Food marketing in the digital age is a science art. The food and beverage industries spend more than $2b each year, marketing to U.S. adults and children. The target markets are bombarded with the basic 4Ps:
The choices consumers make affect their weight, cholesterol and triglycerides levels, consumption of sodium, and other factors affecting healthcare outcomes.FoodingredientsFirst.com, an information newsletter site, leads with an October 8, 2015 posting titled, “Dairy for Weight Management.” Dairy products are advertises as “healthy, because they promote the protein consumers get important for active lifestyles.” Yogurts especially are marketed as high protein products. “Low fat” is the most frequent healthy eating claim made among dairy product launches. “Digestive health” is the second most tracked claim in the dairy category. “Low calorie” claims are small in number, but the “high protein” marketing moniker reaches 7% of all new dairy products launches.
The confectionary industry is not to be outdone. Their food marketing latches on to the “healthy eating moniker” too.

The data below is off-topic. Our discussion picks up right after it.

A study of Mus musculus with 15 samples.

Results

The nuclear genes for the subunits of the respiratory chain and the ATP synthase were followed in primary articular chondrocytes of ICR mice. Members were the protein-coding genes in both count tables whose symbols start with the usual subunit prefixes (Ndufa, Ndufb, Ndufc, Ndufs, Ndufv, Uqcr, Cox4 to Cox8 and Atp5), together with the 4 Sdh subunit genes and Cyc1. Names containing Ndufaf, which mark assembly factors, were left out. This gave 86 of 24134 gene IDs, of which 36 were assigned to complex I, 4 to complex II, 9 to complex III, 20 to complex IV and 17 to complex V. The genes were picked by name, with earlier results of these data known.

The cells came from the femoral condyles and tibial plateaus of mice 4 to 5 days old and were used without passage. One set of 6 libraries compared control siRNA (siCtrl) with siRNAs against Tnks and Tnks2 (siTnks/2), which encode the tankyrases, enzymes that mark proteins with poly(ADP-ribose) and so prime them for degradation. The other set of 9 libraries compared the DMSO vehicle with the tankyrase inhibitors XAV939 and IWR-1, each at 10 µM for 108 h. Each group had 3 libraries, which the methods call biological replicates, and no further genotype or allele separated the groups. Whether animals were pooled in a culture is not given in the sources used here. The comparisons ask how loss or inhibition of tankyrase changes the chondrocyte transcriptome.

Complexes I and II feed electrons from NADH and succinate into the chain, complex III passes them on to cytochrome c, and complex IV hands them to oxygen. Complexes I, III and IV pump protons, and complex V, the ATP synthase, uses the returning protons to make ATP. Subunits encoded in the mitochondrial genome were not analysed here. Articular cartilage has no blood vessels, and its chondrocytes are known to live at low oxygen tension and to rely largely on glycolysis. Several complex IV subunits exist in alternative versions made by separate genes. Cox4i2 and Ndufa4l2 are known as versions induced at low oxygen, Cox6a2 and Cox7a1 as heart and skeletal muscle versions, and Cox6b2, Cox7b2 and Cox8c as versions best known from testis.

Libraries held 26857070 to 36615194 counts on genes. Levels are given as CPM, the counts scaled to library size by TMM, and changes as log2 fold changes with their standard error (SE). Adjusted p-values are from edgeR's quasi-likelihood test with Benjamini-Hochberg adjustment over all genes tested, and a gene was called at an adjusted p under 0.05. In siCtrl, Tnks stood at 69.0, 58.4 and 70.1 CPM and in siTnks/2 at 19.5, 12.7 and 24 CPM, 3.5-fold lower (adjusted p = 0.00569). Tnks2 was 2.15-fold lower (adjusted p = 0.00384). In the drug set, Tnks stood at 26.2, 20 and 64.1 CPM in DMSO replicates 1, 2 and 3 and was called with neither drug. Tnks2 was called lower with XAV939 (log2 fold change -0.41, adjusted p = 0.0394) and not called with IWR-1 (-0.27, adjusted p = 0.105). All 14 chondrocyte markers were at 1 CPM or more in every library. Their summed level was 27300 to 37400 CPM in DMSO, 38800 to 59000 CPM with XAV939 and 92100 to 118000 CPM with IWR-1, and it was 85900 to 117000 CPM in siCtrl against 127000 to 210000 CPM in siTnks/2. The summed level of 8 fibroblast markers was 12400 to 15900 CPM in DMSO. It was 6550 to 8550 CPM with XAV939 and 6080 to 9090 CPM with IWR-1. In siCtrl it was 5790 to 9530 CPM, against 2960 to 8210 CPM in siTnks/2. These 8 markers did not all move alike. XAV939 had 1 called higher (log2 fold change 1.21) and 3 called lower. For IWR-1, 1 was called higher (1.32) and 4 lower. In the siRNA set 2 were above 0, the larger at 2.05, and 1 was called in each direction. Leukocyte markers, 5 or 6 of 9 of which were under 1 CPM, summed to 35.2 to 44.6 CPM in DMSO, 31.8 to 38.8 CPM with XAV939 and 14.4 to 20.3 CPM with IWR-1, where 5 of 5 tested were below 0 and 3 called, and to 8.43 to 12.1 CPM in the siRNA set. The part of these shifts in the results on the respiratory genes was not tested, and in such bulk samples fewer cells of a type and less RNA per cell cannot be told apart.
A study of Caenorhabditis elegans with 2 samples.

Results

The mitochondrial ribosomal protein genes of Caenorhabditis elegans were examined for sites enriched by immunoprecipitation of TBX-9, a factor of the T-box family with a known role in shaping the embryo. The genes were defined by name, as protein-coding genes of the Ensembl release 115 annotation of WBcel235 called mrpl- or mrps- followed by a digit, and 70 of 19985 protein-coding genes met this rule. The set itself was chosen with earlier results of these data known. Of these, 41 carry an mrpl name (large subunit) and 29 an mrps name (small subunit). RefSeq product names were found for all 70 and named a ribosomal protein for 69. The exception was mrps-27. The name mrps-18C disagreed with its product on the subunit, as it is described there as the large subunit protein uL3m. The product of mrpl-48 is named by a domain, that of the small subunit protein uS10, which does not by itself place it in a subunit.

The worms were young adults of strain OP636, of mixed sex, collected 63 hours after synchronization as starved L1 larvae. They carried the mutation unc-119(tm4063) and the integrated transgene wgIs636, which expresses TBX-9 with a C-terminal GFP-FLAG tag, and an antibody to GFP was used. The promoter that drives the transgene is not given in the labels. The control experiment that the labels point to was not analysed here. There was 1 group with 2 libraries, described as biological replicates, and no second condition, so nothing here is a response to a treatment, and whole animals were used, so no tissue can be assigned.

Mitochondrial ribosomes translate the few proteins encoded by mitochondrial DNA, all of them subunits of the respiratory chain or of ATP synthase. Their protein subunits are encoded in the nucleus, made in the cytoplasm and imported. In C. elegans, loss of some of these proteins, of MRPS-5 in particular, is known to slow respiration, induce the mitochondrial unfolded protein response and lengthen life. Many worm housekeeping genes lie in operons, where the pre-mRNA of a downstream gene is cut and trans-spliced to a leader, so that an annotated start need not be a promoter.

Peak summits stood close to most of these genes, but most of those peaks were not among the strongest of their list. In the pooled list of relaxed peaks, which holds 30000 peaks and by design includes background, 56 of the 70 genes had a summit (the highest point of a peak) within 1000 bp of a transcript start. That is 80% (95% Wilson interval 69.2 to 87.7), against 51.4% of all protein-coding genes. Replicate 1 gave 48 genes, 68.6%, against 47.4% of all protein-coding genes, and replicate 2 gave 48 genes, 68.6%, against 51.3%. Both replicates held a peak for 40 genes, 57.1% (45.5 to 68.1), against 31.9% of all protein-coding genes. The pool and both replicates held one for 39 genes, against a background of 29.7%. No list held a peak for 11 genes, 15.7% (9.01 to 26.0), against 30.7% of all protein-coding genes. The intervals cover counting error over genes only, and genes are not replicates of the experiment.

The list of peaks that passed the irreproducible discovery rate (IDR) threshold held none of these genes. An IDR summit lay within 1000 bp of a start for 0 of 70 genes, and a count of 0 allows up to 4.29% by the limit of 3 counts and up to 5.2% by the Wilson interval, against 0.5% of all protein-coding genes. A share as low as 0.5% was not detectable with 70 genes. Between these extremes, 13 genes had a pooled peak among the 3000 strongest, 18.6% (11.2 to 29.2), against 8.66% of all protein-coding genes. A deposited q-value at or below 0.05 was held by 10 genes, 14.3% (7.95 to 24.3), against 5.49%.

In a March 2015 blog post, Beth Skwarecki debunks the hype around commonly thought of healthy foods. Quinoa is marketed as protein rich, but in truth a cup has just 8 grams of protein; that’s less than a cup of lentils, and about the same protein as a hardboiled egg. She cautions shoppers to watch for the “healthy” labels on food packaging.
- They use healthy promises to distract you from the truth on the back of the label with terms like “a good source of…” and “made with real….”
- Food marketers publicize benefits and create or ride trends. Gluten-free appears on the front of a name-brand children’s morning cereal that is loaded with sodium and sweeteners.